New art on ancient shores

19th January 1996 at 00:00
Seeking inspiration? Diana Constance joined a watercolour painting holiday on a Greek island. Painting holidays are becoming fashionable. It is nothing new of course; sketching in watercolours was always an essential part of the Grand Tour and British dilettanti of the 18th and early 19th centuries brought back exquisite watercolours from their travels.

I decided to see how successfully a serious commitment to painting might be combined with a holiday. As I well know, good intentions and firm resolution easily succumb and very few devotees left on their own come back with more than a suntan.

Muriel Owen, the leader of the group I joined, is an experienced traveller as well as teacher. For the past 12 years she has explored the Aegean and Mediterranean seas for secluded and inspiring landscapes. A recent discovery is Castellorizo, a Greek island 40 minutes' boat ride from Kos.

The island is a massive rocky plateau, with a few terraces for olives on the fringe of its lower flanks and the ruins of the red castle - "castello rosso" - on the top, reached by a zig-zag of steep steps cut into the rock. Rebuilt in 1306 by the Knights of St John, it was destroyed in 1440 by the Sultan of Egypt, Dejmal ed Din, leaving only fragments of the defences.

We began the first day of our painting holiday by exploring the town of Castellorizo. Before the Second World War, the town's 300-strong schooner fleet supported a population of 15,000.

Today, behind the white shops and tavern on the harbour, live only the remains of this prosperous marine community - having been bombed by the Luftwaffe and deported, most of the islanders emigrated to Australia. Nowadays expatriate owners are slowly reclaiming the bombed-out mansions from their coverings of flowering jasmine, convolvulus and geraniums.

Painting en plein air can be daunting: the artist is faced with problems of selection and synthesis. Watercolour is akin to poetry; a literal description is not so suited to the medium as careful suggestion. Muriel helps her students "frame the view".

Practice helps clarify the complications of perspective: eye level and vanishing points come alive as they are used in structure. The sun, too, can spread confusion and frustration as it moves overhead: we remembered too late Muriel's caution to note the position of shadows at the beginning of our work.

During the morning's work, Muriel was at hand to advise and, as groups of students fan out from the village, she may walk miles to check on progress. After lunch and a swim or snorkel in the clear blue waters of the bay, students' work was discussed and Muriel gave a demonstration of drawing in perspective or watercolour technique.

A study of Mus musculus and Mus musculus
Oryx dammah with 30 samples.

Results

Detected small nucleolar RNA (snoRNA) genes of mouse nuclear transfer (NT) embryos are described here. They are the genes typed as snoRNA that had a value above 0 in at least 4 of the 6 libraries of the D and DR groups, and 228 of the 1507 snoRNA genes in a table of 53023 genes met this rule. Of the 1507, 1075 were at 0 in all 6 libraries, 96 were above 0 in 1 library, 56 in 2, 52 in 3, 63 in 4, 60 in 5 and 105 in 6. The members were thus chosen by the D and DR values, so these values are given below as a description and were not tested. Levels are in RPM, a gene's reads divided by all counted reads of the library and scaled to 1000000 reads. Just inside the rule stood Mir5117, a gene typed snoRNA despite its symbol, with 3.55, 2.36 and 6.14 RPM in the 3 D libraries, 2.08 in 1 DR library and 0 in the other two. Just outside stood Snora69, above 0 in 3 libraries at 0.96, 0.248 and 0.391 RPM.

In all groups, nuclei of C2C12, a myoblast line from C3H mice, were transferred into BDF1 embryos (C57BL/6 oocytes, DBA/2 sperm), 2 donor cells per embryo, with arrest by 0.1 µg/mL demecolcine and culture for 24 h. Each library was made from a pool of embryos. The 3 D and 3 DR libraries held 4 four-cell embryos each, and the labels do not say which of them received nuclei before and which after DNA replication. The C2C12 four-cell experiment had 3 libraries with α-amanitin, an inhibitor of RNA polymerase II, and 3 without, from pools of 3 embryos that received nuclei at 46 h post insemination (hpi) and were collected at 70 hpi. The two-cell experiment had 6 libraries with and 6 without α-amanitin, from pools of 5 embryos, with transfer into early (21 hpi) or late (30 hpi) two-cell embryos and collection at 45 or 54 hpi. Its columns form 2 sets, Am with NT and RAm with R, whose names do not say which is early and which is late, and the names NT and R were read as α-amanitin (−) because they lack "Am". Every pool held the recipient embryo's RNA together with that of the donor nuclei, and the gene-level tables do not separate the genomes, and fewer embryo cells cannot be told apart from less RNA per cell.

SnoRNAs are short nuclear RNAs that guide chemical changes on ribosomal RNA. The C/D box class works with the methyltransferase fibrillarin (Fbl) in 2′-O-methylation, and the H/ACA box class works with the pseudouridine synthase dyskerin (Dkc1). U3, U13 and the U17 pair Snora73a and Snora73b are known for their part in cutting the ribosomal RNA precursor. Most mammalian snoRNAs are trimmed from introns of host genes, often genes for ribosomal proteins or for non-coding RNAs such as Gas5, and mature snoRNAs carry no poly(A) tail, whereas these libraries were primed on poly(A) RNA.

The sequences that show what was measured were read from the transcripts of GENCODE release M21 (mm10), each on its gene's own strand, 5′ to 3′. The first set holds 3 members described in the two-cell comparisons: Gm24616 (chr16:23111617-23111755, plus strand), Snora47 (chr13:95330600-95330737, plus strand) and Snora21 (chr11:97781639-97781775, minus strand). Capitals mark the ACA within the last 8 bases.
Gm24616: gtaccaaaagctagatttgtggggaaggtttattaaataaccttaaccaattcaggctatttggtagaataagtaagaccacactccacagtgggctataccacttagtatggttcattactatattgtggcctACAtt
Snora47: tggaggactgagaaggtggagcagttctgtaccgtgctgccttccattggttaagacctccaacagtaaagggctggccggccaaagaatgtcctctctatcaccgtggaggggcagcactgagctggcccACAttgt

As painting groups usually number less than 16, tuition can be varied to suit individual need. Some of our group were veterans who exhibited work with societies during the year; the beginners among us benefited from the encouragement of the more experienced. At night on the balconies paintings were shared and enjoyed along with duty-free drink.

Though children are not catered for, non-painting partners are encouraged and they tended to form their own group, who instead of "waiting for paint to dry" explored cliff walks, the local museum with its Greek and Byzantine remains and reconstructed frescos and a boat trip to the local blue grotto.

We painters had no shortage of subjects, from the main square at St George's Bay and the cathedral with white columns taken from the Temple of Apollo on the Turkish shore to the celebration of a traditional Orthodox wedding by a family specially returned from Australia.

On the other side of the headland red earth contrasts with dark green cypresses; prickly pear and cacti tumble over stone walls, sunlight plays on a crumbling villa. We would return in the evening to see yachts tying up in harbour, and sniff cafe-smells of ouzo and grilling meat and sea-fish.

On the last day of the fortnight at our show at a local taverna our group was full of life and sparkle, aware that we had accomplished something as well as having had a holiday - in contrast to the bored look of other holiday-makers.

I shall miss the morning walk along the harbour, the fisherman mending his nets to the sound of bazouki music from his ghetto-blaster and morning coffee under the white umbrellas.

Muriel Owen is vice president of the Society of Women Artists. Venues she will be exploring this year include: Castellorizo, Symi, Alonissos, Skopelos, Halki, as well as Hammamet in Tunisia. For Greek dates, tel: Laskarina Holidays, 01629 8222034; for Tunisia, tel: Panorama Holidays, 01273 206531

Diana Constance's latest book, Painting from Photographs, is published by Harper Collins.